The Descendants suffers from George Clooney syndrome. No matter how ethically compromised the character played by the Oscar-winning actor—whether it’s the corporate downsizer specialist in Up in the Air or the assassin in The American—good-guy Clooney always embodies a sense of moral redemption, the actor’s innate benevolence beaming from his rugged, wrinkled face. In the new Alexander Payne movie, the Clooney character, lawyer Matt King, is nowhere near as inherently loathsome as in some of his other recent roles; the worst that can be said of him is that he has neglected his family to focus on his career.
But the need to vindicate this occasionally prickly character necessitates an unnecessary if structurally significant plotline involving the character in a decision on whether or not to sell a large and valuable plot of ancestral Hawaiian land to developers. (Guess which choice Clooney’s character makes?) And yet, this easy bit of moral reckoning is foreign to the rest of Payne’s film, a work that often veers into questionable directions only to perpetually right itself by uncovering unsuspected layers of complexity in its characters and situations.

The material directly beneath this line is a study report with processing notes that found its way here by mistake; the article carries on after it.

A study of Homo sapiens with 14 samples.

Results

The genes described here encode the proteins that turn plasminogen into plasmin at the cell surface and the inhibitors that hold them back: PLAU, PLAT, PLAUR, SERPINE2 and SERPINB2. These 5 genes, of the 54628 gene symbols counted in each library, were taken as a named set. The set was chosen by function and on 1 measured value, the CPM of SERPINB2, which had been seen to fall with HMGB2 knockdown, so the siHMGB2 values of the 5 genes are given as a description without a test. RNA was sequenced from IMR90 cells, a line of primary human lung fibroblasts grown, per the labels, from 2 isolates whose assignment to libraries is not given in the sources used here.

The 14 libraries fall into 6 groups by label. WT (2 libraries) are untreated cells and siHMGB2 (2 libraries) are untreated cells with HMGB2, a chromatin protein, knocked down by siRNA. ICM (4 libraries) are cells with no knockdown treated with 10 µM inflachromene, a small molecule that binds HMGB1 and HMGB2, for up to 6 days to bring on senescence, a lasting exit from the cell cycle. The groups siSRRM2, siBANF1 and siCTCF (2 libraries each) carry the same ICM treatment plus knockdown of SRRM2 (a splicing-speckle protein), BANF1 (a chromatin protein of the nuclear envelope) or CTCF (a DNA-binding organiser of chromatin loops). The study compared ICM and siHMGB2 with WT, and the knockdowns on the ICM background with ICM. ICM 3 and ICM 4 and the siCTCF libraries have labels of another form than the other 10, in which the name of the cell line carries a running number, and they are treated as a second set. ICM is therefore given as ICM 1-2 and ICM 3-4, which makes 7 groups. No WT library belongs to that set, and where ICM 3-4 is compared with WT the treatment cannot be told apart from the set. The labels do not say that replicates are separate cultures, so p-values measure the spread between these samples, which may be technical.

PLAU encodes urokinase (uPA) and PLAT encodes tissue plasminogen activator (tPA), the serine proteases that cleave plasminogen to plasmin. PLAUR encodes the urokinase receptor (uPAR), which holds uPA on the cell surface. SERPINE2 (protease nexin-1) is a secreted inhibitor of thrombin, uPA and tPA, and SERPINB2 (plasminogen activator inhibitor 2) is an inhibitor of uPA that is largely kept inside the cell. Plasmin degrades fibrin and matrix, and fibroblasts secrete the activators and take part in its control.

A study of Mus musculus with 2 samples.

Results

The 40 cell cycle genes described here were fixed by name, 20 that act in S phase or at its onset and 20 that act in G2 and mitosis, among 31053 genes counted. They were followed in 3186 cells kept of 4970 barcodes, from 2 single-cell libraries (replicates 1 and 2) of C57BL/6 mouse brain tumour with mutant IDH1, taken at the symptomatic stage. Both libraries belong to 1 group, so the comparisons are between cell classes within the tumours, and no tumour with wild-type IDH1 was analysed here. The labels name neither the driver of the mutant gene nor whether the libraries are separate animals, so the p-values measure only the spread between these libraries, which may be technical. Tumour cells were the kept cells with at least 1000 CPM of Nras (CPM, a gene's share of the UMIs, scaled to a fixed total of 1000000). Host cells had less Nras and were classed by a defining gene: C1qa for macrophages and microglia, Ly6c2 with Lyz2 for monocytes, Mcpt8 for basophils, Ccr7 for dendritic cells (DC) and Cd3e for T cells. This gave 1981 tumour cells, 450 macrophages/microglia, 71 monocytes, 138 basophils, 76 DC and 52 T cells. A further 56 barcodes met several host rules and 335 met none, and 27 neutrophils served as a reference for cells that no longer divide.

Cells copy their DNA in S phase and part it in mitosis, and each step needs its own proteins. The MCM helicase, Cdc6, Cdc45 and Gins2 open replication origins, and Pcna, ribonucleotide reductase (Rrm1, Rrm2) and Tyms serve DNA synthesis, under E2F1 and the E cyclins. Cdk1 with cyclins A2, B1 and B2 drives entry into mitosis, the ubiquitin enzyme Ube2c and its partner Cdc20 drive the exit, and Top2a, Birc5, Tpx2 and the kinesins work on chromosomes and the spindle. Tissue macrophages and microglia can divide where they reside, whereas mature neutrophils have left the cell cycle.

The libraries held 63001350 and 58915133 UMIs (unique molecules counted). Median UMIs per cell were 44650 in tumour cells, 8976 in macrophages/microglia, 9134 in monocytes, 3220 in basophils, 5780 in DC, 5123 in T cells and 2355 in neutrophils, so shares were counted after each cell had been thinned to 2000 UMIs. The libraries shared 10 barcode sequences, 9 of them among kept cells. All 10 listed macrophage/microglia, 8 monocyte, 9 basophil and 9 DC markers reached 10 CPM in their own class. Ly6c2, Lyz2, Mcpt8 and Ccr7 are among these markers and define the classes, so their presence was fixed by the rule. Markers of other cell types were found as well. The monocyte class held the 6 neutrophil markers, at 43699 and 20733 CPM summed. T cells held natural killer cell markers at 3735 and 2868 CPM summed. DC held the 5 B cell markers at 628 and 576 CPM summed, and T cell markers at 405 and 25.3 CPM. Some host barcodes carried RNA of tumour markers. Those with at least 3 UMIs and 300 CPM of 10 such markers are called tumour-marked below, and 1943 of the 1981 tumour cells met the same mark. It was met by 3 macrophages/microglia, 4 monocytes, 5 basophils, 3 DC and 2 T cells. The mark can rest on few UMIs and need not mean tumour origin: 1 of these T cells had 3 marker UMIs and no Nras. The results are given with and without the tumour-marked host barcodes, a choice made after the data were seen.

Essentially a coming-to-terms-with-grief family drama, The Descendants focuses on patriarch King and his two daughters, 17-year-old Alexandra (Shailene Woodley) and 10-year-old Scottie (Amara Miller), both undergoing their own forms of teen and preteen rebellion in the wake of a freak motor boat accident that has left their mother a vegetable. Mining edgy, somewhat vulgar humor that sometimes verges on the sort of cruel caricaturing that made notorious such earlier Payne efforts like About Schmidt, as well as a surprising vein of earnestness in its attitude toward the struggles of family life, The Descendants follows Matt as he discovers and investigates his wife’s past infidelity, tries to connect in a more meaningful way with his girls and makes frequent visits to his soon-to-be-deceased spouse’s deathbed.
As in many a film dealing with tragedy, grief exacerbates existing tensions and Payne is shrewd in the way that he uses the mother’s limp, brain-dead body as a sounding board for everyone’s angers, grievances and regrets, an easy receptacle for feelings whose real aim is always a less passive target than the dying woman. Treading such treacherous grounds, aiming for grace and humor in equal measure, the director commits his share of missteps, such as the introduction of an obnoxious teenage stoner who often feels like little more than a target for sneering laughter. But while that character’s presence is never fully justified, even he’s granted his moment of humanity—as is the film’s most vicious presence, Matt’s reproachful father-in-law. Only a final ill-advised one-two punch that follows up the inevitable morality play with an off-note of sentimentality tips the scales away from the delicate balance that the film had managed so skillfully to maintain throughout the rest of its running time.